9th August 2017

Post termination restriction invalid because of hypothetical scenario

At a glance

The Court of Appeal has decided that a non-compete restriction in a contract was void because it did not contain a provision allowing the employee to have a minority shareholding in a competing business after termination, even though the employee had no intention of holding any shares. Will Walsh from RB’s Employment Team explains this decision further.

In the case of Tillman v Egon Zegnder Ltd, Ms Tillman left her employment to join a competitor. Egon Zegnder Ltd brought legal proceedings against her, alleging that her move was in breach of the six month non-compete clause in her contract of employment.

The clause in Ms Tillman’s contract stated that, for a period of six months from the termination of her employment, she could not “directly or indirectly engage or be concerned or interested in any business carried on in competition with any business of the Company”.

The Court concluded that the non-compete clause was wider than absolutely necessary to protect the Company’s legitimate business interests.  It decided that the words “concerned or interested in” did not only mean that Ms Tillman should not be actively involved in competing business, it also extended to her holding any shares in a competing business.  If she only had a minority shareholding but did no actual work for the competing business, this would not have any impact on the Company’s legitimate business interests. Therefore, as the wording was broader than absolutely necessary, the entire clause was deemed void.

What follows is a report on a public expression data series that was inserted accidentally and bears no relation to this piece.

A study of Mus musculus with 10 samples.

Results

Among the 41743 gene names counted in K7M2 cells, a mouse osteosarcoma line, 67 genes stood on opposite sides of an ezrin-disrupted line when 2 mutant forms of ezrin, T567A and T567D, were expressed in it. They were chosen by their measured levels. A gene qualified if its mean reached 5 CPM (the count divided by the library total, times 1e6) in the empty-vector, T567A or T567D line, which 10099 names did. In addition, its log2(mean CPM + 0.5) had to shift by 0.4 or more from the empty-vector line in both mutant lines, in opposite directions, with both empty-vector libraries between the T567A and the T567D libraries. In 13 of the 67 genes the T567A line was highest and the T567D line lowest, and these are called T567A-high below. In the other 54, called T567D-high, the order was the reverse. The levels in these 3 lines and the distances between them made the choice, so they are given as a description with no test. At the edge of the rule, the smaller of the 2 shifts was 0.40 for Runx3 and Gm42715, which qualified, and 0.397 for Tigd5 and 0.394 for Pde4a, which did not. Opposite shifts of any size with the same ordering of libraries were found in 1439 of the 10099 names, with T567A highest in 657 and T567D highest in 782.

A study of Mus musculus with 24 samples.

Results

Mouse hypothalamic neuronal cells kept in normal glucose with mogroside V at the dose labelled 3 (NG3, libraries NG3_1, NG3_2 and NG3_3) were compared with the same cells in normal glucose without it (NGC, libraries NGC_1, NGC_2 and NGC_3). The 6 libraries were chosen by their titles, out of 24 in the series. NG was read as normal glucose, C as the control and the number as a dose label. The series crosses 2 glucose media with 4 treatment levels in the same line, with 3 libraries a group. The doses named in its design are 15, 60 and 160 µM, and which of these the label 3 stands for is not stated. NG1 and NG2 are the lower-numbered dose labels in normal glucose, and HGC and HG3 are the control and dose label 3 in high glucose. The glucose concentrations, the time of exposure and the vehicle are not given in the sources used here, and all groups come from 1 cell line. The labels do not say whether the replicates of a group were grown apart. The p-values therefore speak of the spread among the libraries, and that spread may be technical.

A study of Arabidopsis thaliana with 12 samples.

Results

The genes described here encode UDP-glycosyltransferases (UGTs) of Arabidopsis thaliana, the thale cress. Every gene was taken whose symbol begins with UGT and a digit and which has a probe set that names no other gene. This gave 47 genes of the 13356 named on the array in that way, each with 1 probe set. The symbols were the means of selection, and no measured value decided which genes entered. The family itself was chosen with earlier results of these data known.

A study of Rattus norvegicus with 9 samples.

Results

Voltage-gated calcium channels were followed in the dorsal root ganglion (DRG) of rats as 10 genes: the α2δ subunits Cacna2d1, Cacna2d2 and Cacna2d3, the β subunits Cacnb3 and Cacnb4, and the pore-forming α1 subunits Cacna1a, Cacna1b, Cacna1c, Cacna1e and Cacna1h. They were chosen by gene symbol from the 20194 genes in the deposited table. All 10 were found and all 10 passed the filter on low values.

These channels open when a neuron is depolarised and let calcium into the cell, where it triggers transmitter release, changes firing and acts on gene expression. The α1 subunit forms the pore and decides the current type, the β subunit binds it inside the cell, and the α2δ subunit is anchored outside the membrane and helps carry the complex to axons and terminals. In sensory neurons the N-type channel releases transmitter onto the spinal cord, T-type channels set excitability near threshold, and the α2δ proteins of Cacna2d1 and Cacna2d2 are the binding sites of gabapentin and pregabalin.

Interestingly, it was not Ms Tillman’s concern that she could not own shares. She had no actual intention of holding any shares at all. However as the clause prevented her from doing so in theory, this in itself made the clause void, which in turn meant that she was free to work for a competing business.

What does this mean for employers?

This case underlines the importance of getting the wording of post-termination restrictions exactly right.  It also demonstrates that employers must be mindful of theoretical scenarios as well as their main concerns.

In this particular case, the situation could have been avoided if the company had included specific wording in the restrictions permitting a shareholding of up to 5% in another company.  Had that been included in this case, the restriction would have been upheld and the company would have been entitled to an injunction preventing Ms Tillman from working for the competitor.

If you would like to understand more about the implications of this case or would like any guidance on the wording of the post-termination restrictions in your contracts of employment, please contact Will Walsh by emailing Will or calling him on +44(0)1293 559540.

This document is provided for information purposes only and does not constitute legal advice. Professional legal advice should be obtained before taking or refraining from taking any action as a result of the contents of this document.